George Thomson Won A Nobel Prize By Disproving His Own Father's Theory On Electrons

Not many people come up with revolutionary new scientific concepts that fundamentally change the way we understand our world, and even fewer people get the chance to do it by disproving their own father's theory, but Sir George Paget Thomson (above) was one of those rare individuals. His theories about electrons, the tiny particles that orbit around an atom's nucleus, did just that (via Chemistry World).

Sir George's father, Sir Joseph John Thomson, was a well-esteemed chemist and physicist. During his time as a scientist, Sir Joseph was looking to settle a debate that had been going on in the scientific community for many years, and it had to do with electrical currents, specifically cathode rays. These rays are produced when a tube has all the air or other gaseous material removed from the space, and an electrical current is sent through. Some physicists proclaimed that this electrical current was created by a substance called the ether, which was believed to be existent through all forms of space. However, other scientists believed them to be particles, and that's where Sir J.J. Thomson came in to solve the issue (via Britannica).

Particles or waves?

Originally, cathode ray tubes were sealed glass tubes with no air, and two electrodes on one end of the tube. These electrodes were oppositely charged from one another, and were known as the cathode and the anode. The cathode was negatively charged, whereas the anode was positively charged. A high voltage sequence is then sent to both electrodes, and a ray beam starts from the cathode, flows through the anode, and eventually hits the other end of the tube, where it would interact with something called phosphors, which glowed when the ray hit them, according to Khan Academy.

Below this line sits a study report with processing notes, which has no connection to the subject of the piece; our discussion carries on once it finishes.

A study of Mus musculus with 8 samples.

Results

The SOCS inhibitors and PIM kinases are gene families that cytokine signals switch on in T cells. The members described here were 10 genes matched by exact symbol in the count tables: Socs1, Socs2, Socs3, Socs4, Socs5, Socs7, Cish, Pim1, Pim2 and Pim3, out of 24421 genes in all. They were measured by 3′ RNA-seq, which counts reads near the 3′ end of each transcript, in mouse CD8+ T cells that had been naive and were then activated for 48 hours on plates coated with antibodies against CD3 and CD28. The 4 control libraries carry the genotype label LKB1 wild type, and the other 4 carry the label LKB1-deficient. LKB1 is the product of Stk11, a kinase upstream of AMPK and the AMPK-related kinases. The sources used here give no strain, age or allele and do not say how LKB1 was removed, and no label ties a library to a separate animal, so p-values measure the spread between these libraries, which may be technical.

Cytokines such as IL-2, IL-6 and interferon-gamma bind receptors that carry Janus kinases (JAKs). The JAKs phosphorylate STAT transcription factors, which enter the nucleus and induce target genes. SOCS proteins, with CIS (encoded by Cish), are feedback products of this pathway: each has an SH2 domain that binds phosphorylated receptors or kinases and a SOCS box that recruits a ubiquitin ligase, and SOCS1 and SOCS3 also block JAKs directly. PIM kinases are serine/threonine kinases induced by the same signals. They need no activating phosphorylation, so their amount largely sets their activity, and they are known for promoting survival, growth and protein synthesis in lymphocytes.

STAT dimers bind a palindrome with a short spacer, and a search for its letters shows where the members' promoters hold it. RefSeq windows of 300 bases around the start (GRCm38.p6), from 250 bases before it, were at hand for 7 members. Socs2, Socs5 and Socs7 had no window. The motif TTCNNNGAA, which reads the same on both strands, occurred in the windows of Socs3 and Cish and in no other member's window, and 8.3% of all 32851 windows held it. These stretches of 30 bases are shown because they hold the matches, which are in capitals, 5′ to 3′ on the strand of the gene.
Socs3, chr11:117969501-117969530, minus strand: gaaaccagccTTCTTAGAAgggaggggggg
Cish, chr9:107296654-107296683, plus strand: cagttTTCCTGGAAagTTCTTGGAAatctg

Sir Joseph John Thomson (above) improved a way of measuring the ray, which would settle the debate on what they actually were. Sir Joseph added two oppositely charged plates inside the tube. The plates would hover above and below the ray. Since the ray originated from the cathode, it had a negative charge, and therefore it would gravitate toward the positively-charged plate — so the theory went. If this happened, it would help support the theory that cathode rays were made of particles, settling the debate once and for all (via Khan Academy).

Turns out they're ... both?

Sir Joseph John Thomson's theory worked, and electrons were almost indisputably particles. He was awarded a Nobel Prize in physics in 1906. Case closed, and everyone was happy. Kind of ... well, sort of ... actually, not really. Years later, Thomson's own son, Sir George Paget Thomson, came in to radicalize the theory even further. These particles, named electrons, weren't just particles, and they also weren't just waves. Turns out they were ... both? In 1927, George Thomson observed an electron beam pass through a nickel crystal, and watched diffraction patterns occur, which utterly changed what scientists thought of electrons (via Nobel Prize).

Diffraction is when wavelengths bend around an object when they interact with it, and given how George Thomson proved electrons to do this, scientists were fascinated about how these unique particles behaved in this manner (via Evident). What this showed, however, was that electrons travel through the universe like a wave, but still somehow interacted with different objects as a particle (via The Conversation). George Thomson was awarded his own Nobel Prize in physics in 1937. This exciting discovery has allowed scientists to develop many of the technologies we enjoy today on a daily basis. Our world would be fundamentally different if the Thomson family had not contributed what they did to science.